Kentucky coach Adolph Rupp, aka “The Baron of the Bluegrass”

From Chapter 3: A New Direction

Thanksgiving weekend in Lexington went by in a blur, with two practices on Thursday, two on Friday, two on Saturday. It was eat, sleep, and practice basketball. The only break in the routine came after Sunday-morning practice because Coach Rupp had an afternoon television program.

On Thanksgiving Day—the first he’d spent away from family in his twenty-one years—student manager Mike Harreld called home, looking for a little sympathy. Instead of Sympathy Central he’d reached the Owensboro chapter of the Big Blue Nation, where the university fight song was a sacred hymn and Go Big Blue the daily liturgy. His mother asked a few perfunctory questions about his well-being—how was he feeling (okay), if he’d had a turkey dinner (he hadn’t)—but the rest of the household, as basketball crazy as big brother, had larger concerns. “What about it, Mike,” his dad asked, “the team going to be any good this year, or what?” On that particular Thanksgiving night in 1965, he honestly didn’t know. On that particular night he would have given better odds on TV’s talking horse, Mr. Ed, winning the Kentucky Derby than this team making it to the Final Four.

Practices that day had been like a root canal. Coach Rupp had calmed down about 90 percent overnight, but his level of agitation would have driven most sentient mortals to the emergency room or at least a tranquilizing sedative. Conditioning wasn’t a factor (the team had spent preseason doing wind sprints), but patience was. Rupp had the team run the same play over and over and over. When he spotted a problem, he’d yell, “No—you’re supposed to plant your foot here and turn like this!” In demonstration mode Rupp moved with all the grace of an elephant trying to toe dance. “You’ve got to execute to make it work.” Looks were exchanged, but nobody laughed. In an Adolph Rupp practice, nobody ever laughed.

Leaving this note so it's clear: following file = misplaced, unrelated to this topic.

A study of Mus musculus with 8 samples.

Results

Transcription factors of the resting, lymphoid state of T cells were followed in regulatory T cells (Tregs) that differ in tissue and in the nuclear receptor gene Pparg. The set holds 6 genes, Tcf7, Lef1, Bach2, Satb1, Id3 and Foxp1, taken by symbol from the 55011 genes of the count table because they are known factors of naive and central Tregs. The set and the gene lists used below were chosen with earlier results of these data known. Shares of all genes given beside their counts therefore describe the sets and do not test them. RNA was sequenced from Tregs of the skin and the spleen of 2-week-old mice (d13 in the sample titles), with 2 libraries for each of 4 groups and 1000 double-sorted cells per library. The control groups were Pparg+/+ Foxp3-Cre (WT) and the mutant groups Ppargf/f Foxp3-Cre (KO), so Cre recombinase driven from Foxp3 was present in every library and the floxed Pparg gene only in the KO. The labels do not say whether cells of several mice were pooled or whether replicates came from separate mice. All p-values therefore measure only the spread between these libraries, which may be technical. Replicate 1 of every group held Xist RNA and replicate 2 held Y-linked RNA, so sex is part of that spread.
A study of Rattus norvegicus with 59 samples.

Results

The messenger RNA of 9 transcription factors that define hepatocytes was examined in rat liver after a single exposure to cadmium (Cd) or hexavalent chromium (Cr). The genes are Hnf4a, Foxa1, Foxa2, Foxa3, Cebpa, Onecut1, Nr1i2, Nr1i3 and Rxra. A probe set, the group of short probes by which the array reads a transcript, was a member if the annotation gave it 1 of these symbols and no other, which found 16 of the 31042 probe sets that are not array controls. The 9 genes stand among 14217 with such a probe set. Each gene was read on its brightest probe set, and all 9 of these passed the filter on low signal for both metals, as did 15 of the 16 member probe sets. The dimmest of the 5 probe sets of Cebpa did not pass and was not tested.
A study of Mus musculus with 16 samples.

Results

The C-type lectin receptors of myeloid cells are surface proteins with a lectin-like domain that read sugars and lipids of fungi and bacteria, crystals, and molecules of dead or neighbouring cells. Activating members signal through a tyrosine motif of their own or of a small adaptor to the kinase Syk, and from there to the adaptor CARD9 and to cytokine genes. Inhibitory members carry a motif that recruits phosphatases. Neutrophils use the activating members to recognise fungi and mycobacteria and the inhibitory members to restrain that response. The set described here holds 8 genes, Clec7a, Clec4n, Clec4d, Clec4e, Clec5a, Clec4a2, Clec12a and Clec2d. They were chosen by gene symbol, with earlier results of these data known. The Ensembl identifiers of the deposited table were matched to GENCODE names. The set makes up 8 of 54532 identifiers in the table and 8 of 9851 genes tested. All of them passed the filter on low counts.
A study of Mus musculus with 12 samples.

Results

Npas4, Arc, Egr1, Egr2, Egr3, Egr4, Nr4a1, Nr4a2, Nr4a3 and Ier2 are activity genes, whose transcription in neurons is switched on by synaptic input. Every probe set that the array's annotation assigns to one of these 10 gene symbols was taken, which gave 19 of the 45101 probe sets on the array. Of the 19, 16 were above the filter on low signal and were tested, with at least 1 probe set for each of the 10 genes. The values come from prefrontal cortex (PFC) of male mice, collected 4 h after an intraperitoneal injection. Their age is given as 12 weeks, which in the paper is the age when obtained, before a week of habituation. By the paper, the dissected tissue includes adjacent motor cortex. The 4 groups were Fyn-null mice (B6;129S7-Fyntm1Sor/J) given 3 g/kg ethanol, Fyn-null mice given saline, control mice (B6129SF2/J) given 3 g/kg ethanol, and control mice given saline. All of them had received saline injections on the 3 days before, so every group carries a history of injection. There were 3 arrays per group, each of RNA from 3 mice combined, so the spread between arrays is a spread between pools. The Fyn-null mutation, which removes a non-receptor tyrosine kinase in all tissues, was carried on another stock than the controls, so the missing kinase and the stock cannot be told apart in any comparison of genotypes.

In the second Thanksgiving Day practice, he was working on a different play but with the same mind-numbing repetition. Again and again Louie Dampier came off a Larry Conley pick at the top of the key and shot a nineteen-foot jumper. Twenty times he shot; fifteen times it was nothing but net (the man could shoot the basketball). Adolph went into one of his teaching demos, something about Conley’s feet not being in the right place. “All right,” he said, stomping back to the sideline. “Run it again, only this time let’s put it in the basket.”

. . .

Conley and Kron weren’t concerned about who scored the points as long as Kentucky got the W. “They left their egos at the door,” said Jaracz. “They wanted everybody to be special.” It was infectious. When you’re open, you get the ball. When you’re double-teamed, you hit the guy left open. If there’d been a column on the stat sheet that day for dribbles, it would have been nearly empty.

When things started to click that Thanksgiving weekend, it was so sudden and so unexpected it was like old Archimedes running naked into the street after solving a vexing scientific problem shouting, “Eureka, I have found it!” By Sunday Mike (Slim) had an answer to his dad’s question. The 1965–66 Kentucky Wildcats had endured seven of the most grueling practices ever. They came out on the other end of that weekend a different team. Nobody had called them that so far, but Rupp’s Runts had arrived.